Officer J. Stone of the Campus Police department speaks with Umoja president Tony Givens about how to get in touch with officers during the Coffee With A Cop event March 12 in the BT/AH Quad. Photo credit: Angelica Wallingford
Officer J. Stone of the Campus Police department speaks with Umoja president Tony Givens about how to get in touch with officers during the Coffee With A Cop event March 12 in the BT/AH Quad. Photo credit: Angelica Wallingford

Equipped with coffee and conversation

The San Diego Community College District Police Department shared smiles over cups of coffee with students for the fourth annual Coffee with a Cop event held on campus where students, staff and faculty were able to mix and mingle with the City College police on March 12.

Campus police handed out coffee and cookies and had their patrol cars on display with open doors at the student quad between the AH and BT buildings. At the event, held in conjunction as part of a nationwide effort, the police officers conducted a meet and greet to give people a chance to talk about public safety and other concerns.

“We’re out here to engage with people to answer any questions and to answer any concerns or fears they might have, and to let them know that we are here. You’ll be surprised, a lot of people don’t know there’s a police department for the campus,” said Raymund Aguirre, chief of police at the San Diego Community College District.

Campus Police Officer Jeff Rabine added, “It helps us be more approachable and it’s an opportunity to just say hi. When we’re working we talk to people for a reason, for investigating.”

The comfortable setting and interaction with officers helps people get to know their officers and with the recent sexual battery incident on campus, helps put students’ minds at ease.

“It’s a really good idea for them to put a face with their names and make them more approachable. I learned about the call boxes that they exist, where they’re located and how to use them,” said pre-nursing student Marisa Askren-Newman.

“It’s very serious crimes like the sexual battery, those types of crimes that we really seek to address immediately and that we need to pull out our resources together. Not only the police department but the whole campus,” Aguirre said.

Aguirre continued to mention the importance of these events and the natural awareness it creates by giving advice on how to prevent crimes, being alert of your surroundings and how to operate the emergency call boxes; which he confirmed are all in working order on the City campus.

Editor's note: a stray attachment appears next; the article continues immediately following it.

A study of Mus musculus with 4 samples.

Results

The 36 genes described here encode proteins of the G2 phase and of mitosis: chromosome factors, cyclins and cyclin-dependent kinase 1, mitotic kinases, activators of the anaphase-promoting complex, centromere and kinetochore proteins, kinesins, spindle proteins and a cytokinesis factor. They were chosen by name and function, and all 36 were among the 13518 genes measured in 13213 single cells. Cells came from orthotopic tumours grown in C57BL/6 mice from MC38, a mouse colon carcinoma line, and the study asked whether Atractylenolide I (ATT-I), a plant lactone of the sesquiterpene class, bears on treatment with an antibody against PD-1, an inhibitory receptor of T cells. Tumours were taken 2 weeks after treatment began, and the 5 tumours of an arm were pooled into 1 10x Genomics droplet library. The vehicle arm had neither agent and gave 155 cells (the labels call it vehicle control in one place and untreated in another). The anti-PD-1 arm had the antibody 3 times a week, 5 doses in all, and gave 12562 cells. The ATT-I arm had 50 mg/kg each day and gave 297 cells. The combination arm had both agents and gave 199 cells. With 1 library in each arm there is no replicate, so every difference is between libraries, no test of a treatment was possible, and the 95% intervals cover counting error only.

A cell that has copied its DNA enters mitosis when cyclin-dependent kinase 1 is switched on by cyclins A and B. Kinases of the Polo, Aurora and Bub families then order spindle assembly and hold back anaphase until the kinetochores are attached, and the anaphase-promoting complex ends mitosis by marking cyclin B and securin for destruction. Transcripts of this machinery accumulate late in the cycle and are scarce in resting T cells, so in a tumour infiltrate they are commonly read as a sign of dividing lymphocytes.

“I feel it kind of breaks that barrier between cops and citizens, because sometimes we kind of forget them but in reality they‘re here to help us,” said Elise Baldwin, a student at City College who took the opportunity to approach campus police and share her opinions with the law enforcement.

The district police hopes the community notices its presence in order to reduce crime in the area and to strengthen relationships with the community.

“It’s a great way for students to talk with police officers in a non-threatening way and to learn about what they do to protect the campus 24-seven, 365 days,” commented Heidi Bunkowske, public information officer at City College.

For information about campus and district police, go online to


    Eplio FrongehApr 17, 2015 at 3:48 pm

    Ah, yes, the infamous POST testing sessions in El Cajon! Who can forget them after they’ve taken them once or twice? You know, if you’re in to taking civil service tests, the POST test is one of the more entertaining of them all. Not going to give it away, but it does have at least one segment that seems to be unique to it, not to be seen in any other test. Similarities, maybe, but could be one-of-a-kind.

    Something else that’s sadly unique to POST testing in El Cajon is the blonde girls who yell at you before the tests. Yelling blonde girls in San Diego County might not be singular, but when they yell at you “Your money, [insert your name here]!” that could be cause for discord. What about my money? My money’s good? My money’s bad? My money’s yours now? My money now belongs to your boyfriend? C’mon, finish your sentence, please!

    The very nature of the test and the applicants themselves give loud statements like this more meaning. Or maybe less. Was it an exercise of some kind? Perhaps to see if anyone faints or screams? Reality TV show auditions? Duck for flying wallets and purses?

    Who knows, but that was ‘way before Lansdowne quit and whatever it was that happened to the SDCCD’s campus police happened. We’ve all been reading about the campus violence in the past few years. Was it like that before? I remember a bomb threat at the McDonald’s across Park back in ’95 or so, but that was off-campus. I had a couple of coeds want to steal my backpack when I was leaving the Computer Lab one night, but I got away which is kind of a bummer because they were pretty. But so was the yelling blonde girl at the POST session, even though her face was all screwed up when she was yelling.

    Are all pretty girls thieves? Well.

  • B

    BumpperMar 26, 2015 at 6:40 am

    “Campus police.” Not for quite a while, and that’s thanks to the “new” hiring practices in San Diego. Same problem that the SDPD has.

    “POST test.” Bumped ’em a dozen years ago. Ask Mrs. Thigpen.